Cantwell Presses Sec. Buttigieg on Strengthening Protections for Airline Travelers, Increasing Efficiency of Consumer Refunds
May 4, 2022
Cantwell, Markey and Blumenthal sent a letter to Sec. Buttigieg calling for transparent airline refund process
WASHINGTON, D.C. — U.S. Senator Maria Cantwell (D-Wash.), Chair of the Senate Committee on Commerce, Science, and Transportation, pressed Department of Transportation (DOT) Secretary Pete Buttigieg on the need for DOT to strengthen consumer protections for airline travelers, increase the transparency of the ticket refund process, and ensure airlines issue refunds to consumers for canceled or changed flights promptly. The Secretary appeared before the Committee earlier today on the Department’s FY 2023 budget.
“Safety must be a top priority in aviation, and it must be a top priority in aviation manufacturing,” Sen. Cantwell said. “We also want to make sure that our consumers who felt the impact of the pandemic also get their response from the airlines in a timely fashion.”
CLICK HERE TO WATCH
On Monday, Sen. Cantwell joined Sens. Markey and Blumenthal in a letter to Sec. Buttigieg urging DOT to strengthen rules requiring airlines to promptly issue refunds requested by passengers for significantly delayed or canceled flights, define the timeframe for an eligible refund, and make the refund request process more transparent for passengers.
Under current DOT policy, airlines are required to honor requested refunds for cancellations and significant schedule changes or delays. In 2020, the DOT received more than 29,687 complaints against U.S. airlines for not promptly issuing refunds.
At the hearing, Sen. Cantwell secured a commitment from Sec. Buttigieg that DOT would be proposing new rules “within days” to fix airline ticket refund issues that were exposed during the pandemic, including a set standard for when delays are long enough to trigger refunds.
“We need to make sure that airlines are held accountable for doing right by consumers and make sure the traveling public is treated fairly,” Sec. Buttigieg responded. “Part of how we responded to that is by enforcing an airline's obligation to provide refunds when there are cancellations or significant changes to flights. We fined one airline $4.5 million for extreme delays in providing refunds. We're investigating and actively working on a rulemaking that would address protections for consumers unable to travel due to restrictions or concerns related to serious communicable disease.”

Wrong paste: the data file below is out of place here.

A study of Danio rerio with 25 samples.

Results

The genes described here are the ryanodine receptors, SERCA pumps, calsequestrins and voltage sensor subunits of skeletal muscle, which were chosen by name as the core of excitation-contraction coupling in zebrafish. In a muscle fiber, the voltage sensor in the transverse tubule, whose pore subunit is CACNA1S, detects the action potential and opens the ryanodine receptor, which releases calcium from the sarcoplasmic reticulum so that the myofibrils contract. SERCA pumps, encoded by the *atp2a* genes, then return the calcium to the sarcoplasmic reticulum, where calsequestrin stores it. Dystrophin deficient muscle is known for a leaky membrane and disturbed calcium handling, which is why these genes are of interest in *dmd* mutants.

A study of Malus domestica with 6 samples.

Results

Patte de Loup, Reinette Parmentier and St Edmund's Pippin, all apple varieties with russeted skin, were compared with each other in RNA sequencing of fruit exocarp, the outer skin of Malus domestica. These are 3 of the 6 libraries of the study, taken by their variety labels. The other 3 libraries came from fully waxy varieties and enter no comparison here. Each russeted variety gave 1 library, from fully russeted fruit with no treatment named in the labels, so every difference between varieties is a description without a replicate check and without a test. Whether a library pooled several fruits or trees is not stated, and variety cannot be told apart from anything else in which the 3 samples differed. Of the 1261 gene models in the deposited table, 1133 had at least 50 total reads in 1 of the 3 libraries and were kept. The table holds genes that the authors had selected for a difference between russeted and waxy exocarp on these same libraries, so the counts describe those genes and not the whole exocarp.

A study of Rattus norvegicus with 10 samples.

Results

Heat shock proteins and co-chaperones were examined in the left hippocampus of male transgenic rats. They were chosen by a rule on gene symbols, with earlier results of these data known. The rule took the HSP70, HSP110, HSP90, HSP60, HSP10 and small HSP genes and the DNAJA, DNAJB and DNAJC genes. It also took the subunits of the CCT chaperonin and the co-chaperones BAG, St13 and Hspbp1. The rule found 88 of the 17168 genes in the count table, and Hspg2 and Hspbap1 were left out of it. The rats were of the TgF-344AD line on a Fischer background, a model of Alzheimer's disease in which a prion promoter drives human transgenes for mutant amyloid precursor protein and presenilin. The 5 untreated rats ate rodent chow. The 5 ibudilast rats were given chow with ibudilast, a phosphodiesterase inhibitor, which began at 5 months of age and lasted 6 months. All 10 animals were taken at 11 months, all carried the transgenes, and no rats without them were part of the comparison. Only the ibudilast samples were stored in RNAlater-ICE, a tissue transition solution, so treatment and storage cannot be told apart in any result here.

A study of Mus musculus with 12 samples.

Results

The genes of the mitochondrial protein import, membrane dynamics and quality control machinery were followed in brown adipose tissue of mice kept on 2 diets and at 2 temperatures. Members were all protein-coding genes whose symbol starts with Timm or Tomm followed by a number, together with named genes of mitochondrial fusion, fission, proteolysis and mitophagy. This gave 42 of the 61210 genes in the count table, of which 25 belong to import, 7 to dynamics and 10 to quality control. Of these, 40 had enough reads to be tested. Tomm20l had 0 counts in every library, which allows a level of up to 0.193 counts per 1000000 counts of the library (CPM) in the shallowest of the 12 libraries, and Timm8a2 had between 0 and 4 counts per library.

Sen. Cantwell also addressed the important need for ensuring that aviation safety is a top priority and implementing the National Air Grant Fellowship program, particularly in light of leadership turnover after the FAA administrator retired earlier this year. Last month, the Senate passed a Cantwell-authored bill to rename the Air Grant program the “Samya Rose Stumo National Air Grant Fellowship Program,” in honor of 24-year-old Samya Rose Stumo, who lost her life in the March 10, 2019, crash of Ethiopian Airlines Flight 302.
“I think everybody's concerned with the change in FAA administration, that we do have consistency and continuity here and continue to make progress that the FAA is the final word here on safety,” said Sen. Cantwell.
“We recognize the importance of promptly and effectively implementing that [National Air Grant Fellowship program] law,” Sec. Buttigieg said. “We'll continue working to ensure that FAA meets its obligations and responsibilities.”
President Biden included investments in key DOT priorities when he submitted his budget proposal to Congress in March, including provisions about modernizing roads and bridges, improving highway safety, reducing supply chain bottlenecks and prioritizing aviation safety.
The Department of Transportation’s fiscal year 2023 budget proposal requests a total of $142 billion, $105 billion combined with the additional $37 billion guaranteed in advance appropriations provided under the Bipartisan Infrastructure Law (BIL). The FY 2023 budget would aim to implement the Biden-Harris Bipartisan Infrastructure Law, address freight supply chain congestion, improve transportation equity and address climate change and improve transportation safety.
The Bipartisan Infrastructure Law contains a number of Cantwell-authored programs in order to improve infrastructure and freight mobility. Including the Port Infrastructure Development Program (PIDP), a program critical to support Washington state ports to improve port facilities; the Mega projects for projects like the I-5 Bridge and the Highway 2 trestle; along with the Airport Infrastructure Grants to modernize and expand aging facilities, where airports such as Sea-Tac International and Spokane International have submitted applications.
View Senator Cantwell’s opening statement video here, question and answer video here, and statement transcripts here.